How a Unitarian from Jersey Writes About a Muslim Superhero
Guest post by Pavarti K. Tyler
And cue the theme to Beyond Thunderdome.
UUism is based on the idea that we all have the right to our own path to Truth. For some that Truth is God, for some it's not. What connects us within the UU church is the belief that the search is valuable and that there is benefit to having a supportive and respectful community with whom to share that search. (You can read more about our principles here: Our Unitarian Universalist Principles)
For me, the importance of an individual’s expression of faith within a community is huge. I believe in God. Because of this, I often find myself listening to the fundamentalist rhetoric of all religions with a frustrated sigh. Why does someone have to be wrong in order for another to be right?
It was with this in mind that I thought about Recai. What makes a good man? What makes a good Muslim? And in a society in which religion is such a prominent part of day-to-day life, what would be the shape of evil?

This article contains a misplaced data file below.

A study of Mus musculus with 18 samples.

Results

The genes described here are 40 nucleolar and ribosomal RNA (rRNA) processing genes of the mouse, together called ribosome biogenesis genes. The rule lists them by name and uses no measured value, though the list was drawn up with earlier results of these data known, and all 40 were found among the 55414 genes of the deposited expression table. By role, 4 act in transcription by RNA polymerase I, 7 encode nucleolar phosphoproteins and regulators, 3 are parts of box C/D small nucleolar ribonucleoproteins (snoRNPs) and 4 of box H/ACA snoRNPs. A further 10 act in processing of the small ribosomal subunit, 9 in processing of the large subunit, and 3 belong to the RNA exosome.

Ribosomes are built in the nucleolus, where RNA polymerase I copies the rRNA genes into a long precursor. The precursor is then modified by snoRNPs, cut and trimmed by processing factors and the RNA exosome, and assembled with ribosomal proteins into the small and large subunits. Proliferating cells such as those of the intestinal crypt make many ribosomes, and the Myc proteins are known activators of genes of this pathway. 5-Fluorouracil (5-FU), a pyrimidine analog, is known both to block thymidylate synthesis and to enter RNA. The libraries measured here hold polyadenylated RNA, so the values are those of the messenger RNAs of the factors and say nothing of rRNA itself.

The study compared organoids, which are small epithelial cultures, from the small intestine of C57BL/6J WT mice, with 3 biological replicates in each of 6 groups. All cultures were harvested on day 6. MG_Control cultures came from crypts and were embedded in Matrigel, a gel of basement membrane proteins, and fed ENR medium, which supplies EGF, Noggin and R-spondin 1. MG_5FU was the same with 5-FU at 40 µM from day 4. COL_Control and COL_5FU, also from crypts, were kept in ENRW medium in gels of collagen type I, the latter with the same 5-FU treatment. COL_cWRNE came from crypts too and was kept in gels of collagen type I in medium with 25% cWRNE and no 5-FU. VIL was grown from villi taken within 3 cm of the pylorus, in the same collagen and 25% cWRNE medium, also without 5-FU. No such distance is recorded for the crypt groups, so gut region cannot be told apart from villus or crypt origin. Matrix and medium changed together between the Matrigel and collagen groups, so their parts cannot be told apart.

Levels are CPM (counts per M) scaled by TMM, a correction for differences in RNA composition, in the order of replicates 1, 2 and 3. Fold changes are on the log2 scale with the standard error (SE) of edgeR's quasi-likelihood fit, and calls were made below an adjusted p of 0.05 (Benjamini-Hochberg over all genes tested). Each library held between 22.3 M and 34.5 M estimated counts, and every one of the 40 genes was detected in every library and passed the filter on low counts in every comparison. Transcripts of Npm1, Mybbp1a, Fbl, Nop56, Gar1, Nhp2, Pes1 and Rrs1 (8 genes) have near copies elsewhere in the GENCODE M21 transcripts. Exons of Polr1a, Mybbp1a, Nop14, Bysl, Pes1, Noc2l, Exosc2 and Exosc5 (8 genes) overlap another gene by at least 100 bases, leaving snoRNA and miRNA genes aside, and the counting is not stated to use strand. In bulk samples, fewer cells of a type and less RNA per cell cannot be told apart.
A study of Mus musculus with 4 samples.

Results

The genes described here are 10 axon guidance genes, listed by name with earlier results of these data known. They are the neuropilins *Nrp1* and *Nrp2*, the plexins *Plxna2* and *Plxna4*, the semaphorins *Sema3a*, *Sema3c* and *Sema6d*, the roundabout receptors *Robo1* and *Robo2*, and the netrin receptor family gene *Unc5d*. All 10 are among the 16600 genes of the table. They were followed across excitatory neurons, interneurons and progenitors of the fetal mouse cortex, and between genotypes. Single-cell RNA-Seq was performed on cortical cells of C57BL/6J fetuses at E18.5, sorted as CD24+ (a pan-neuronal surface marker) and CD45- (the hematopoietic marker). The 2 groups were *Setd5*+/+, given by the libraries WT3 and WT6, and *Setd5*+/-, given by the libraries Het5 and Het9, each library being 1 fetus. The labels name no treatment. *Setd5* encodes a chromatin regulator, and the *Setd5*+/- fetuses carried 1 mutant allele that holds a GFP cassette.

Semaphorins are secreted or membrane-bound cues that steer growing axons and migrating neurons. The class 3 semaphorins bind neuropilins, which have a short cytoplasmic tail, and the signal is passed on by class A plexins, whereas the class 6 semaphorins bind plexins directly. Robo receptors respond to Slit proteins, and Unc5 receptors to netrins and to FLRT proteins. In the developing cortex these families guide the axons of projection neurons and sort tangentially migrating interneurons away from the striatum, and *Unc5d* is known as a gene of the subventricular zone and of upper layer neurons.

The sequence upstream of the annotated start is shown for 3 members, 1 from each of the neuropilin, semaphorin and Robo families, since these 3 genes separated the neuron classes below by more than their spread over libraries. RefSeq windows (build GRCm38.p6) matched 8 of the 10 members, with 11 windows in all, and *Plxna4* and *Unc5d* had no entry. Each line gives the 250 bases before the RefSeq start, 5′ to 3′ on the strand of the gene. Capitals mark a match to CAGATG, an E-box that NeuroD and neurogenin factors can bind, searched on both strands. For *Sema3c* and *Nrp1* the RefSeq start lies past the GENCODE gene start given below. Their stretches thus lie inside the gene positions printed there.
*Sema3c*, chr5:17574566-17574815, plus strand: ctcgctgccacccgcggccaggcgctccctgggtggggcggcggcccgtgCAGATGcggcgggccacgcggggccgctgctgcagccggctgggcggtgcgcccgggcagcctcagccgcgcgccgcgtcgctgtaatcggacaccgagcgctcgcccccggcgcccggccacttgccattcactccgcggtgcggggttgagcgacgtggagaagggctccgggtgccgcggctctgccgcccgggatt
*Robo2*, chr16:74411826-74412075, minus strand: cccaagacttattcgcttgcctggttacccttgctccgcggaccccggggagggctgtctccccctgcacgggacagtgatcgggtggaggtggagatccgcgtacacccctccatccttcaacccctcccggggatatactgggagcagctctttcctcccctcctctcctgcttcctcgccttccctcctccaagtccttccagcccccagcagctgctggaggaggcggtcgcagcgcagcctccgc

Recai is a faithful man; he's erred and he's sinned, but his belief in Allah and in humanity is solid. Underneath his layers of confusion and self-doubt is a good man. His day-to-day life has been isolated from the city he lives in: Elih, Turkey (Google it for a good giggle). What would happen if a flawed man was forced to confront real evil, real sin? Could he rise to the occasion?
Islam and Judaism run throughout Shadow on the Wall. Some of the phrases and cultural idioms may be unfamiliar to Western readers, but I hope that you will see a little of yourself in the characters. The issues they face are written at high stakes, but the questions posed are ones we must all answer. Who am I? What do I stand for? Although Shadow on the Wall has supernatural elements, I like to think heroes exist in life, and I like to think that religion can fuel the good in people. Perhaps we're all capable of great things.